The **Casio Memory-8F**, also known as the H-812, was a handheld calculator introduced by Casio Computer Co. Ltd. in 1976. Measuring 76mm x 138mm x 22mm (w,h,d) and weighing 128g including batteries, this calculator featured a sturdy, three-piece gloss plastic case with a black base, white top, and a matt black front panel. The display was an 8-digit blue vacuum fluorescent display (VFD) with no ninth digit.

The Memory-8F operated on 3.0V DC power supplied by two AA size batteries, with an option to use an AD-2S adaptor (3V centre negative) through a socket on the top side. The on/off switch was located on the left-hand side in line with the Casio branding.

In terms of functionality, the Memory-8F offered standard four arithmetic operations (addition, subtraction, multiplication, division) with percentages, square root, and a three-function memory. It had a switched floating or two-digit decimal mode, and users could enable automatic constant calculation for multiply and divide operations by double-hitting the operator.

The calculator’s components included an NEC μPD977C R63129 CPU, a single-tube VFD display (E6535A 6D), two transistors, five diodes, eight capacitors, four resistors, two resistor arrays, and a TDK transformer (4D CD1010). The main board (C8U-1A) was connected by 12 copper wires to the keyboard assembly (C8T-E4A), which was secured to the front panel with six screws. A small piggy-back board module housed the transformer and associated components.

Logic:

- The (C) key cleared the last entry, while (AC) cleared the entire calculator.
- Overflow on number input was suppressed, and keying in a ninth digit was ignored.
- Automatic constant mode was available for multiplication and division by double-hitting the operator.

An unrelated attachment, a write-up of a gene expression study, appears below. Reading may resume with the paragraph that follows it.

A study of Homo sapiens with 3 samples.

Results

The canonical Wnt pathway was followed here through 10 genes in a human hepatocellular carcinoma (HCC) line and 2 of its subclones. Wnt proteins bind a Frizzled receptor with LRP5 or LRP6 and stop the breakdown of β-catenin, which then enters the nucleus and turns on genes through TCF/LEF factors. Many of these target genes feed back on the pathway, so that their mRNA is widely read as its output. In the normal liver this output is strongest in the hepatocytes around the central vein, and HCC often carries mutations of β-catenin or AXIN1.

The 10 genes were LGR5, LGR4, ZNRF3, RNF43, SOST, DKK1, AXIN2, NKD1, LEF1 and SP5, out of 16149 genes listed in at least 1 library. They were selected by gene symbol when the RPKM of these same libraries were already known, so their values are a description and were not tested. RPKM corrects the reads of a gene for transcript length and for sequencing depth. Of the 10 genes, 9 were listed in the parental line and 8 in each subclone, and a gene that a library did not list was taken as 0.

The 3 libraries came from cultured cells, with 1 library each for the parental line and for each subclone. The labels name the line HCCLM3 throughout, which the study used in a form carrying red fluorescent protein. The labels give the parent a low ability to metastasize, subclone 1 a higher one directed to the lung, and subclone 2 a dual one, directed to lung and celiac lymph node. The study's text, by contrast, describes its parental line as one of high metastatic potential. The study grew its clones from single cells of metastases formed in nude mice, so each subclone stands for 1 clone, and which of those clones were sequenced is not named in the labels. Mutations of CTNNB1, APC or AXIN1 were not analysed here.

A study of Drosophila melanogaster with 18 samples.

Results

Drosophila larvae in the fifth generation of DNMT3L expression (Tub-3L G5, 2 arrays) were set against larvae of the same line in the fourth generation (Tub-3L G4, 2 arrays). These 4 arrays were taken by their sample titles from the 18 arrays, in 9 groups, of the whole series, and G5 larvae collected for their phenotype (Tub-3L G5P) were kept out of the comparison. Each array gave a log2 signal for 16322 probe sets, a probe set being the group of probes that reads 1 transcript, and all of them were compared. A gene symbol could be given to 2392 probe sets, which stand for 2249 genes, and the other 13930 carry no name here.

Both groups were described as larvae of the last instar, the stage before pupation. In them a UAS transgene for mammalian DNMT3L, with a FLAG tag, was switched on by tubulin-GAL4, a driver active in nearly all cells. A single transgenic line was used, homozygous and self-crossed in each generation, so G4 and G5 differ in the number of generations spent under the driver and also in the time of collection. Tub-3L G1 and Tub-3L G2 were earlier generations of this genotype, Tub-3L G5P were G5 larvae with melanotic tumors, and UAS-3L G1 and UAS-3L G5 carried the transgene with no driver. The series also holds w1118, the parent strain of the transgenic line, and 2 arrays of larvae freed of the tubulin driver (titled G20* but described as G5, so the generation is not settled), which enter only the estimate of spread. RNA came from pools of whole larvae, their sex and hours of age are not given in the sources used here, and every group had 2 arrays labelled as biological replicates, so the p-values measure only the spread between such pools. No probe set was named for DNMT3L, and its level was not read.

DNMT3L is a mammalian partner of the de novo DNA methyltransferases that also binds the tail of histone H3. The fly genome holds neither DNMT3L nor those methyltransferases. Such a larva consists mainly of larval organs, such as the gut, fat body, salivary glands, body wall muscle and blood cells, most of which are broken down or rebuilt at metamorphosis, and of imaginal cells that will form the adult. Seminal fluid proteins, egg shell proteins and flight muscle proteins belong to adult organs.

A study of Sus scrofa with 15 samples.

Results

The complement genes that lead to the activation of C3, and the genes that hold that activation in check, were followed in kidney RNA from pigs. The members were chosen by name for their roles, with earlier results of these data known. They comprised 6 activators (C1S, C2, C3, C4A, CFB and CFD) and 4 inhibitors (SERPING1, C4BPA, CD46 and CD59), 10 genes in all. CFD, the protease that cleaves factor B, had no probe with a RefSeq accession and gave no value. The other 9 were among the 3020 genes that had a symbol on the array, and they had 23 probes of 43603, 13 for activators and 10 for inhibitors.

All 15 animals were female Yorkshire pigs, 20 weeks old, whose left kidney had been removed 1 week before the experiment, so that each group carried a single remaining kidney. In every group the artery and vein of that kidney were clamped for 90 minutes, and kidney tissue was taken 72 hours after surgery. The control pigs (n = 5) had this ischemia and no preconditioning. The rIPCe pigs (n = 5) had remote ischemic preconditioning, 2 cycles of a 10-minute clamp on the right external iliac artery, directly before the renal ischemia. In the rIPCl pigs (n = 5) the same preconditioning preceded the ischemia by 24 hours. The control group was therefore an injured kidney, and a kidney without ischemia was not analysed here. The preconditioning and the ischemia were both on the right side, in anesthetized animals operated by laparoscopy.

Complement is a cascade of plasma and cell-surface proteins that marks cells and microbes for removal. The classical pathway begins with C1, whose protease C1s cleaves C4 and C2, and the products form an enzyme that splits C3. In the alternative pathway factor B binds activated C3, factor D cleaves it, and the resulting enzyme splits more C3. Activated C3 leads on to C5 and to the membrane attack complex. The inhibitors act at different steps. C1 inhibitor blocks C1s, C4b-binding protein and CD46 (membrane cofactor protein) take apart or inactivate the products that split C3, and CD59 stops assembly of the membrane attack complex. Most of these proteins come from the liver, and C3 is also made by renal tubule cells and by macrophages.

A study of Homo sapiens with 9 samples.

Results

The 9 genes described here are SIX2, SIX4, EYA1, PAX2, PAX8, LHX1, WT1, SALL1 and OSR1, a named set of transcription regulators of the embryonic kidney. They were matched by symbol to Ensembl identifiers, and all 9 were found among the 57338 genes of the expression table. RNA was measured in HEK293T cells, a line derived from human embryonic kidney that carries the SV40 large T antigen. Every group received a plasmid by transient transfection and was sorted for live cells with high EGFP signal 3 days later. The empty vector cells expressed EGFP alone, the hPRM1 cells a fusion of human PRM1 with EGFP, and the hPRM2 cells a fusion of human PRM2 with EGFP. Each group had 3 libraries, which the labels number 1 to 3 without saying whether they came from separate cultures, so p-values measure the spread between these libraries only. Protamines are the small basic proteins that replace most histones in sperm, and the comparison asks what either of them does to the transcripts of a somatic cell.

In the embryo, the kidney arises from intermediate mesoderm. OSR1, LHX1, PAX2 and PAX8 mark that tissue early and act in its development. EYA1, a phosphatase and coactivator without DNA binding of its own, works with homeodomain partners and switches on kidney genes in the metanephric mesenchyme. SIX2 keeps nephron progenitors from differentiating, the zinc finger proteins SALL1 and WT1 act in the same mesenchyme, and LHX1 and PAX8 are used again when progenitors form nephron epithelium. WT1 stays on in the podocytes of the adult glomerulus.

- An overflow error was flagged with an “E” in the ninth (rightmost) digit, and was not recoverable.
- Divide by zero also showed an “E” in the ninth digit and was not recoverable.
- Mark up or mark down operations were performed with a single key operation.
- A round off switch and fixed two-decimal point notation were available.
- Square roots of negative numbers were allowed, resulting in a negative number.
- Square roots were limited to seven-digit precision.
- Negative numbers were flagged by a “-” sign in the immediate left digit, limiting to seven-digit negative numbers.
- There was no indication of memory store, and (AC) cleared the memory.
- Memory overflow cleared the memory, and recovery required (AC).
- The calculator suffered from the divide to negative zero bug and the negative zero bug.

The Casio Memory-8F was a robust and feature-rich calculator for its time, offering standard arithmetic operations, memory functions, and additional features like percentages and square roots. However, its logic had limitations, including issues with negative numbers, divide by zero, and memory handling.